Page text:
Cancer survivor Sir Bobby Robson marked the official opening of a state-of-the-art research centre by meeting the doctors and scientists using its facilities to help patients.
The former England and Newcastle United manager, who survived bowel cancer in 1992 and a rare form of malignant melanoma in 1995, heard how new cancer treatments are taken from the lab bench to the patient’s bedside when he visited the Northern Institute for Cancer Research Paul O’Gorman Building.
He unveiled a commemorative plaque at the event which marked a year to the day that researchers from different parts of Newcastle University started moving into the three story, purpose built facility.
Sir Bobby, 72, said: “People in the region now have one of the most advanced cancer research centres in Europe, here, on their doorstep. As a cancer survivor myself, I know just how important this research is.”
The centre has been built and equipped thanks to a partnership between local and national charities, the Government’s Science Research Investment Fund and Newcastle University.
Funding has come from the Government’s Science Research Investment Fund (£4,300,000), Cancer Research UK (£4 million), CHILDREN with LEUKAEMIA (£2 million), Newcastle University (£500,000), the Leukaemia Research Fund (£300,000), the North of England Children’s Cancer Research Fund (£300,000) and the Newcastle upon Tyne Hospitals NHS Charity and Newcastle Healthcare Charity (£350,000).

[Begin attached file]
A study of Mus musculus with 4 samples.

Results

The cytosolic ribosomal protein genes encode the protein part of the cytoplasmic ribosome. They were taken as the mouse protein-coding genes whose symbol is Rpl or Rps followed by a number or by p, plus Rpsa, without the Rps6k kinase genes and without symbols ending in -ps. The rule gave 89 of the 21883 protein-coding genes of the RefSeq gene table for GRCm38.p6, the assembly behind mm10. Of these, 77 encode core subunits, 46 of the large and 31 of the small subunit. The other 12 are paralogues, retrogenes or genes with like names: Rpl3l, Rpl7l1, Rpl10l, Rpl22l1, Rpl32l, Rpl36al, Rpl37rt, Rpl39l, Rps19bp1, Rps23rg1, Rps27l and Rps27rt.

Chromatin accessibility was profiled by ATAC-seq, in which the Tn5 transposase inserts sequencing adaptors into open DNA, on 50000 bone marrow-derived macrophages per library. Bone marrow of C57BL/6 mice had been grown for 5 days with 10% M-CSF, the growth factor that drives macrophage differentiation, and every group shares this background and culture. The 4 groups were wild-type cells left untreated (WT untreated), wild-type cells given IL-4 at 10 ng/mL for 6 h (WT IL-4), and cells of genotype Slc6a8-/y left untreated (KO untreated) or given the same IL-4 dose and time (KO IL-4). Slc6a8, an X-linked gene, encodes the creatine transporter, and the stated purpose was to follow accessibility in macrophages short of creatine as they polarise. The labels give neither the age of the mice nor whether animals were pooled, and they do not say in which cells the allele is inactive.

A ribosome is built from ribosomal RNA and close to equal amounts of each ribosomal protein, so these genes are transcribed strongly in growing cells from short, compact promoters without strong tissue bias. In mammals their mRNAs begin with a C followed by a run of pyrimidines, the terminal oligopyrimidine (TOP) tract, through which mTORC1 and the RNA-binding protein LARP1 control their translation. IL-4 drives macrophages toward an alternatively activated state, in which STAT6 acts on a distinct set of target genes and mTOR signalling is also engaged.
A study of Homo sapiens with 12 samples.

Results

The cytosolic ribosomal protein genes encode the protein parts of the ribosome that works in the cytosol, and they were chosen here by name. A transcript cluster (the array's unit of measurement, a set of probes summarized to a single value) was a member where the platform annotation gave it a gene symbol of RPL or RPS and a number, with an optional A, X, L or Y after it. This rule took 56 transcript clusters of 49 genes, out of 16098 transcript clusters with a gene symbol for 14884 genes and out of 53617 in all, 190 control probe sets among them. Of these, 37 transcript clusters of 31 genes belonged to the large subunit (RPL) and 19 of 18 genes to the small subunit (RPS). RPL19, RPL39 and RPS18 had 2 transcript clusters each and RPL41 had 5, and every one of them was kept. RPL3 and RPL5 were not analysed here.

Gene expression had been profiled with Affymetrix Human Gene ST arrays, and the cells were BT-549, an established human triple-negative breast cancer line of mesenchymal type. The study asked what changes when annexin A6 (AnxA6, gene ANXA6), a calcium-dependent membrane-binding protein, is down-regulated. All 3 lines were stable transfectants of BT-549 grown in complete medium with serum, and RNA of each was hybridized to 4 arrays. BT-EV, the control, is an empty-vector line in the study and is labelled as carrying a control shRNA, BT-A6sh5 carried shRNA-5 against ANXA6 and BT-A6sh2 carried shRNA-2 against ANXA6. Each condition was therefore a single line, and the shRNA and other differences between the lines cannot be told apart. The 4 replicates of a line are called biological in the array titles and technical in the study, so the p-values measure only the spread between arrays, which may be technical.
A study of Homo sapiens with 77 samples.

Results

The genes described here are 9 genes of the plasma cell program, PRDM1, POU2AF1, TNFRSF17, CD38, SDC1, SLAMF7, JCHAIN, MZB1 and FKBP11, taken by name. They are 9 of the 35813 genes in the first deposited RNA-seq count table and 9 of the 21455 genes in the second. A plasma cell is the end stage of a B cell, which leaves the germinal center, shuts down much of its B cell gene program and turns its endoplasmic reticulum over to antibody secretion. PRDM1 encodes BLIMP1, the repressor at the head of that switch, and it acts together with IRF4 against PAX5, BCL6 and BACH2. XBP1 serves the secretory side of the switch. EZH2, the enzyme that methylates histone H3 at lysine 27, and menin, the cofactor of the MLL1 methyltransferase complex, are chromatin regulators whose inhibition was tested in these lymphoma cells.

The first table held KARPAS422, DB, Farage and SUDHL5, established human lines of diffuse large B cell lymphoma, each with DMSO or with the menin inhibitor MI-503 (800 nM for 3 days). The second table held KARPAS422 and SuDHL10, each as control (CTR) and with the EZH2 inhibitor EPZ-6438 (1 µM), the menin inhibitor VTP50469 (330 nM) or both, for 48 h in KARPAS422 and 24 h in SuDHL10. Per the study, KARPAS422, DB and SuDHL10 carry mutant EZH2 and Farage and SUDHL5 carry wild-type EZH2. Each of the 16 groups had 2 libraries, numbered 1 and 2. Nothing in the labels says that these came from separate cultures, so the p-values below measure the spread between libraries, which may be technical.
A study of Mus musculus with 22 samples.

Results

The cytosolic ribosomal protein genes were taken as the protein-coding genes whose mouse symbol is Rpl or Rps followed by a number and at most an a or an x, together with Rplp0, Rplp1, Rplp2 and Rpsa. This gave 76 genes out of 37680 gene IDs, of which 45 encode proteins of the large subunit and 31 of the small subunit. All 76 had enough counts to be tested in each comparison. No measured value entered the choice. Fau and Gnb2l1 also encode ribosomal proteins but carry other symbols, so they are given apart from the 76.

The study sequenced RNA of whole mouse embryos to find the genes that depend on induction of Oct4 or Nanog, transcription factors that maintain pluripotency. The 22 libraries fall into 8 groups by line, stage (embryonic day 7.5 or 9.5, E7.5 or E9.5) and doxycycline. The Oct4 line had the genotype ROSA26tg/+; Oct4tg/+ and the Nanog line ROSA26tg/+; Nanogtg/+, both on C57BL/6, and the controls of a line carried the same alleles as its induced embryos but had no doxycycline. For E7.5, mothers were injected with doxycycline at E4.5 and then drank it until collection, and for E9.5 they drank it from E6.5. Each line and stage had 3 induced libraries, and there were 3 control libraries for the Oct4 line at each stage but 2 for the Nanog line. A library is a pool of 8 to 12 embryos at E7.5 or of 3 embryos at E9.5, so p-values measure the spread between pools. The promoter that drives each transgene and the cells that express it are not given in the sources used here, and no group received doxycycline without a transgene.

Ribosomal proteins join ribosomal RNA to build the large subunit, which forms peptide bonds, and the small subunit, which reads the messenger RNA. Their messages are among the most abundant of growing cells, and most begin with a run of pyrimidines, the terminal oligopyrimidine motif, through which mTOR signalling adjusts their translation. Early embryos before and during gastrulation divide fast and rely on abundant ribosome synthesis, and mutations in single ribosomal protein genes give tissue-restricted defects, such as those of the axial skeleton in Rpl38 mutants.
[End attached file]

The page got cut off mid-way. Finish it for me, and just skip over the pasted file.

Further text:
Sir Bobby continued: “The Northern Institute for Cancer Research Paul O’Gorman Building is testament to the generosity of the people of the North East. I am proud to be associated with the official opening.”
Scientists at Newcastle University have an international reputation for anti-cancer drug development.
They play a crucial role in delivering the new generation of cancer treatments for children and adults by identifying new drug targets, developing new drugs and verifying the effectiveness and safety of new treatments.
Professor Herbie Newell, Professor of Cancer Therapeutics at Newcastle University, said: “We are delighted that Sir Bobby Robson is here to learn more about our work. Our understanding of the science of cancer is evolving rapidly and research, funded by local people, is helping to make a real difference to cancer patients.”
Researchers based at the centre work with clinicians at Newcastle hospitals to help maintain an extensive clinical trials portfolio and ensure that local people have access to the latest cancer treatments.
Professor Herbie Newell, who heads a team funded by Cancer Research UK and the Leukaemia Research Fund, continued: “The new facilities will provide a major boost to our research. Since we started moving into the centre a year ago, we have brought 120 scientists together under one roof. This means they can share resources and work more effectively together.”
Every year around 13,000 adults, and between 80 and 100 children, are diagnosed with cancer in the northern region.